LONDON, UK – Public transport in Spain slowed to a crawl and heavy industry was disrupted on Thursday as Spanish unions held their first general strike since Prime Minister Mariano Rajoy’s Popular Party came to power last year.
Spain’s two main unions called the action in protest against recently enacted labor reform laws which make it easier and cheaper for companies to hire and fire workers.
The strike is the government’s first major challenge since taking office and comes a day before Rajoy is to unveil the country’s 2012 budget, expected to contain measures to save billions of dollars in order to keep Spain on track for deficit targets agreed with the European Commission, The New York Times reports.
Spain is entering its second recession in three years, and Rayoy’s conservative government is desperately trying to make savings of around $60 billion to reduce a budget deficit estimated at 8 percent of GDP in 2011.
Some 5.3 million people are unemployed in Spain - almost a quarter of its workforce, and more than double the European average.
Unions said there was 85 percent turnout for the action, claiming strong support at car factories and other industrial sites.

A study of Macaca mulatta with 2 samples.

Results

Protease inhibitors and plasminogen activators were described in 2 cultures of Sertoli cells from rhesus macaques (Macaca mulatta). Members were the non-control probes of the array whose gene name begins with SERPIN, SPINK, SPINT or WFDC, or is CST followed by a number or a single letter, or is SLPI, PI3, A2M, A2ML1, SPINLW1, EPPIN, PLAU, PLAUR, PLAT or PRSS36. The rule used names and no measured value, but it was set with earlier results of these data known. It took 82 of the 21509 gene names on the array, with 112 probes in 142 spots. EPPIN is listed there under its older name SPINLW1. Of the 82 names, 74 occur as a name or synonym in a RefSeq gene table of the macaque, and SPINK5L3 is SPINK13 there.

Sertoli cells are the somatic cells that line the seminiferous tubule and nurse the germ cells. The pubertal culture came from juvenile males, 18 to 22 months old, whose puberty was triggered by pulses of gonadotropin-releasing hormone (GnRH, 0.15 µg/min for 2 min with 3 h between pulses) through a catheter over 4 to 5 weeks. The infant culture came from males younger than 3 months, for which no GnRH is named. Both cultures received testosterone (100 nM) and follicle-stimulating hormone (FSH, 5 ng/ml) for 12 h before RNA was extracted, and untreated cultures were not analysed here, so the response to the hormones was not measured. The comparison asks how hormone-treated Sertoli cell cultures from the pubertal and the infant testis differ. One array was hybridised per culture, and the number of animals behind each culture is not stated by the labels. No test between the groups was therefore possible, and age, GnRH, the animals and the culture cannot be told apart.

The UGT union said practically all workers at Renault, SEAT, Ford and Volkswagen car factories around the country, and at other mining, port and industrial facilities had honored the strike during the overnight shift, although Spain’s government downplayed the action as having had no major impact, the Associated Press reports.
Road, rail and air transport were all affected, with internal and European flights severely cut, and regional TV stations in the capital, in Catalonia in the north-east and in Andalusia in the south of the country all off the air, according to the BBC.
“That is what is at stake, and the government is not going to yield,” he added.
Speaking on a visit to South Korea on Tuesday, Rajoy, who took office in December, promised that the measures would eventually generate more jobs:
“No government has passed as many reforms in its first 100 days in office as this one,” he said.
“The biggest mistake would be to do nothing.”